So you’re probably recognizing a theme here, right? That I’m interested in what makes some donors fund advocacy, as part of my ongoing mission to get more resources for advocacy directed at nonprofit social service organizations? In pursuit of that cause, I found this Philanthropy of Changing Minds report, another collection of wisdom from foundations that do fund advocacy, intended for the audience of foundations that do not.
The report begins with the assertion that the principal barriers to increased foundation funding for advocacy are not legal (which, in reality, are often more of a screen behind which foundations hide) but rather lack of capacity/knowledge/expertise, and, honestly, insufficient courage. On the latter point, leading philanthropists in advocacy caution that foundations need to be fully committed to advocacy because of the controversy that can arise; they need to prepare Board members and dedicate themselves to social change over the long haul. Just as, obviously, nonprofit organizations themselves must. They don’t love conflict, certainly, but they must ‘negotiate with a high tolerance for confrontation’, as one funder put it.
Some insights that seemed that they would resonate with donors in this part of the country that have reservations about funding advocacy:
Many are wary of ‘advocacy’ as a vague concept but supportive when it’s framed as another tool for problem solving, or when the specific issues (“education reform”, “housing desegregation”) are highlighted.
Donors emphasized the strategy of choosing effective advocacy organizations and giving general support dollars to those efforts (rather than getting into the admittedly messy business of carefully not earmarking grants for lobbying, so as to avoid legal problems), but, to me, this begs the question of how nonprofit advocacy organizations are supposed to become effective, if foundations are going to wait to grant to them until they’ve ‘arrived’?
Several profiled foundations pointed out the importance of not overlooking non-legislative advocacy, particularly in the judicial and regulatory arenas. That’s something that I stress with my students all the time. We’re missing so many opportunities if we think that policy change only happens in legislative bodies. In addition, foundations can invest in constituent leadership development, organizational development/infrastructure, media work, coalition-building, and other enhancements that will ultimately increase organizations’ advocacy efficacy.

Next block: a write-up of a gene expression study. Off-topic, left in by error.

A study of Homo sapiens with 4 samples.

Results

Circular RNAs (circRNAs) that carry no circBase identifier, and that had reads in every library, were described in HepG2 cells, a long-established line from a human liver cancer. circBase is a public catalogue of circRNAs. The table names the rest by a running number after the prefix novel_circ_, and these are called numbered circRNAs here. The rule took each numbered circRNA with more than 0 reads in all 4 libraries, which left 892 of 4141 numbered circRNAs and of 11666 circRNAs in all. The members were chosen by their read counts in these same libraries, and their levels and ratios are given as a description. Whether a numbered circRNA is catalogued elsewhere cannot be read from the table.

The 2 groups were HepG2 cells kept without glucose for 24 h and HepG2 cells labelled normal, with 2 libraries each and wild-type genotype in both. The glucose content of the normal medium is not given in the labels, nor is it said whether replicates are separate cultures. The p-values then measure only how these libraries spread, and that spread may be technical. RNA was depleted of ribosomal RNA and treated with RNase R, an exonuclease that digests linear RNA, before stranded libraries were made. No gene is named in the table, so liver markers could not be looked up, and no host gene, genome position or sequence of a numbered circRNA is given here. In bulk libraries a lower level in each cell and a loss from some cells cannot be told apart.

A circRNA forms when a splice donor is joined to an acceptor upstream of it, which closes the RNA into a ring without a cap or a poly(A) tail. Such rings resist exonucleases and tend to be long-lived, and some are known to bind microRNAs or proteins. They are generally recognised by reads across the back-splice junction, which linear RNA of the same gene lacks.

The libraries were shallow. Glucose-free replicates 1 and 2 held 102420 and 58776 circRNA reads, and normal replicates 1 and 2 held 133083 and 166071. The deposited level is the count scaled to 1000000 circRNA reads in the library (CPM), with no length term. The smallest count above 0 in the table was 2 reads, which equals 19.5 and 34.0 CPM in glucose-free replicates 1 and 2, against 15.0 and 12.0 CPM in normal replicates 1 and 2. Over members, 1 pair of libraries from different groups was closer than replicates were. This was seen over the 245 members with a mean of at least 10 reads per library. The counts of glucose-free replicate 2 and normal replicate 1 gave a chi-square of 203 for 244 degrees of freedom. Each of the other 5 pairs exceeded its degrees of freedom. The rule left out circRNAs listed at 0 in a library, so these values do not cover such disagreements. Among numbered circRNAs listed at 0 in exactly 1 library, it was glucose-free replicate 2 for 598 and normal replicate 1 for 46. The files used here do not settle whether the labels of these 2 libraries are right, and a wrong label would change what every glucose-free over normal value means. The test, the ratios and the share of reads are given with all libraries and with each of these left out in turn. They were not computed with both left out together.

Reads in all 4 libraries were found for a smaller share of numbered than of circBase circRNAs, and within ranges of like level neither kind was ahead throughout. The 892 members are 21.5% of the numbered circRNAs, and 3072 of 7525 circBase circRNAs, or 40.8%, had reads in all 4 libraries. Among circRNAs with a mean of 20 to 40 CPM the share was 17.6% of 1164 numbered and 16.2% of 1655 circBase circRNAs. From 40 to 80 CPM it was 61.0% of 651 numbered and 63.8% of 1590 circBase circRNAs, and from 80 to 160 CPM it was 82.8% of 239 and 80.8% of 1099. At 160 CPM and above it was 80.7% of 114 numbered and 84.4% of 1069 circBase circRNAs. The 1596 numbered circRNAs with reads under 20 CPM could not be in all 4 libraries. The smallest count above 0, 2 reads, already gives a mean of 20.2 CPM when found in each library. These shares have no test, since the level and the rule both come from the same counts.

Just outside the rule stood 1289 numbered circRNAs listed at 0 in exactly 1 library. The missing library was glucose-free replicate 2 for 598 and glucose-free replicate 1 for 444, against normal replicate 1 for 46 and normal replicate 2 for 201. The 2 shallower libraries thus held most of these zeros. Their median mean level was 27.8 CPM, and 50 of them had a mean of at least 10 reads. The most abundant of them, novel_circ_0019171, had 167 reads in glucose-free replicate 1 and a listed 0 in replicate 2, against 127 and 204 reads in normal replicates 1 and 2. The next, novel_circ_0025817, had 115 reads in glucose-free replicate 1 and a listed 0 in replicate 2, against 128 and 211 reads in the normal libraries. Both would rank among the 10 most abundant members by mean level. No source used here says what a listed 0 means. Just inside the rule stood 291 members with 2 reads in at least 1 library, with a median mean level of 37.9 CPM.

In a reiteration of another theme that is becoming somewhat of an obsession with me, the report distinguished between process (what happened), outcome (how did audience view it), and impact evaluation (what was the actual effect on policy), and return-on-investment analysis (how much was gained per unit of investment). They questioned whether the emphasis on outcomes, as a whole, within the philanthropic community is unnecessarily discouraging advocacy funding, where such measurement is more difficult.
My two favorite parts were towards the end, in the section where they asked advocacy grant recipients what they wished that grantmakers knew about funding advocacy. First, foundations need to invest in local groups in order to build critical mass for policy change; only giving to the big national groups is not going to fundamentally shift the power balance (that sound is grassroots groups not in NY or CA cheering!). Second, foundations should not demand so much collaboration from grantees; not only is it an unnatural and unreasonable expectation but (my contribution here), this can force convergence of policy options that undermines later negotiation. There are many examples of when social workers’ causes would be best advanced by having a diversity of voices, including those from our left, advocating for change, rather than trying to speak with ‘one voice’ and having that one voice dismissed.
Your homework this week: Share this document with at least one of your funders and start a conversation about how advocacy funding might fit into their philanthropic mission. Let’s get those dollars flowing! And let me know how those conversations go and how I can help!